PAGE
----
Paterno Tipped Off James the NCAA Was Coming
Don James barely had a chance to celebrate his 1992 national championship when the Washington football coach heard a knock at the door.
He was attending a national coaches' convention, staying in a hotel, otherwise receiving everyone's congratulatory greetings.
He found Joe Paterno, Penn State's legendary coach, standing in the hallway outside his room.
JoePa felt it necessary to share intel he had come across, that his esteemed colleague from the Northwest would have his program scoured by the NCAA for any possible wrongdoing. It had hired someone to look into things. They always found something.
It came with the territory after running the table. The college games' largest athletics governing body often presumed that if a program won it all, it had to have done something inappropriate.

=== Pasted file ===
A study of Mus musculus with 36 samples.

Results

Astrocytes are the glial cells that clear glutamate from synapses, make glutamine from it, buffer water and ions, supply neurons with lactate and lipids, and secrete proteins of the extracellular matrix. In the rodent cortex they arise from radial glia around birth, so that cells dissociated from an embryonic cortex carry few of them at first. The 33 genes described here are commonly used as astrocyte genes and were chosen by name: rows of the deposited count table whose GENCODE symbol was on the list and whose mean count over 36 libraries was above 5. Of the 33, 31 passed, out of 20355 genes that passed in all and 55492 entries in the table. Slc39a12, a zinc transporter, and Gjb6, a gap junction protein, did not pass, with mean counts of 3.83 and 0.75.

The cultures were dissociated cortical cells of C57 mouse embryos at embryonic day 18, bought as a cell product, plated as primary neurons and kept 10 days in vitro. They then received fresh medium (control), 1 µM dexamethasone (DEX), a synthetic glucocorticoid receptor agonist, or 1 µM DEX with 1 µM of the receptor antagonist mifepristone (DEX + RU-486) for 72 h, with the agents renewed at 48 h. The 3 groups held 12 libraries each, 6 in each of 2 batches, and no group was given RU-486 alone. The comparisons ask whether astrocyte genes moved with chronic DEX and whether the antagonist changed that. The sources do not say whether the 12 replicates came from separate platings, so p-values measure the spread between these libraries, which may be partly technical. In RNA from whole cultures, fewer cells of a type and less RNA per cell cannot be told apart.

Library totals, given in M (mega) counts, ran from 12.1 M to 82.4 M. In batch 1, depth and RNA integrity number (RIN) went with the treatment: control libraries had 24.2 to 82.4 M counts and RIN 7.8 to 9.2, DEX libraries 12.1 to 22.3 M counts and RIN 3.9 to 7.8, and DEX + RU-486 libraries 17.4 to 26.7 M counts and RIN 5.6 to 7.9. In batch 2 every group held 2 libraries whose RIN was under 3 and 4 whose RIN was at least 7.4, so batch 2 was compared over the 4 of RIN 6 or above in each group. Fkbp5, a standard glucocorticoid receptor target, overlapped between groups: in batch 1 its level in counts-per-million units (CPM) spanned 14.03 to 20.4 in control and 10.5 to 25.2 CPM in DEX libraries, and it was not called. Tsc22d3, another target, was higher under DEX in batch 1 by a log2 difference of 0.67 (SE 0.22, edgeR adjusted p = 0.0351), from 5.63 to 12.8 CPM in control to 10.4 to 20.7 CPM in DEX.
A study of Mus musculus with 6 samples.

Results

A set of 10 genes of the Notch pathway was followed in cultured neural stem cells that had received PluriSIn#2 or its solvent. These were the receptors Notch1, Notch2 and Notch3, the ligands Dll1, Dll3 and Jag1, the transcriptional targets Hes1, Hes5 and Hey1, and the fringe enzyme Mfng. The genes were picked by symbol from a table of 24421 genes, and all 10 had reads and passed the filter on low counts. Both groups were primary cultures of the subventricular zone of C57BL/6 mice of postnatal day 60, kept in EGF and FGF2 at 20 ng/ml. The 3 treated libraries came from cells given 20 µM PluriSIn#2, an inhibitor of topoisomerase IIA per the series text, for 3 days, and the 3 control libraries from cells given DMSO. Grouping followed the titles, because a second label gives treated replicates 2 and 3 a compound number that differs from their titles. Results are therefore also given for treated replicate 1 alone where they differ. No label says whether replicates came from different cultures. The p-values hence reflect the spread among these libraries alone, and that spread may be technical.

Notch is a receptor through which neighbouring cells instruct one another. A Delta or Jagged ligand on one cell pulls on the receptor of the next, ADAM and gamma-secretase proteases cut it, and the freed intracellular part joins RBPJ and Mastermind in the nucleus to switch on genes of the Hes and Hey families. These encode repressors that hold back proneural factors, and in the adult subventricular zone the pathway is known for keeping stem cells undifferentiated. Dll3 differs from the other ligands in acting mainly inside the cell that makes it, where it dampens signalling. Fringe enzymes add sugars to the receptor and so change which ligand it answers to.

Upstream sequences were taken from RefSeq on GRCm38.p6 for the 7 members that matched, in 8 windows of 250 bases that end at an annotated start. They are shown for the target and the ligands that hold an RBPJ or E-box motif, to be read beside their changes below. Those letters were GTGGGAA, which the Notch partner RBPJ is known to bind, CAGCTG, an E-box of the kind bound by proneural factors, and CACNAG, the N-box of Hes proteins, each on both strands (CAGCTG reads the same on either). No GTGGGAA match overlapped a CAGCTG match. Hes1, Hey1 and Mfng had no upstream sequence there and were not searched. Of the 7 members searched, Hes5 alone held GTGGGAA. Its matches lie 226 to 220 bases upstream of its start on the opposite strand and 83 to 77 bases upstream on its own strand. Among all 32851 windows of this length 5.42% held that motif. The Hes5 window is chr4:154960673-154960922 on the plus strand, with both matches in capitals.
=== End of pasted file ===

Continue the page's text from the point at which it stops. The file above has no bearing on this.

It happened to Florida State and Bobby Bowden. USC and Pete Carroll went under an intense microscope and its program was turned upside down. Hopefully, LSU will avoid any scrutiny in the coming days.
James, with his overly dominant 12-0 team, was now in the NCAA's crosshairs. He had been warned. He would have 10 months to ready himself for a backlash.
Former UW and NFL defensive lineman Lynn Madsen shares this tale of intrigue in one of his podcasts coming out of Texas, which he calls home now. His source is impeccable.
Madsen, a regular contributor to Husky Maven/Sports Illustrated from the Lone Star state, was closer than most players to Don James after their careers ended. He went to visit the coach in California.
He and his UW teammates were responsible for getting the coach's bronze statue built outside Husky Stadium. He's now trying to put together a Don James museum.
Listen to Madsen break down this story of the meeting between Don James and Joe Paterno, and the beginning of the end for the Huskies coach.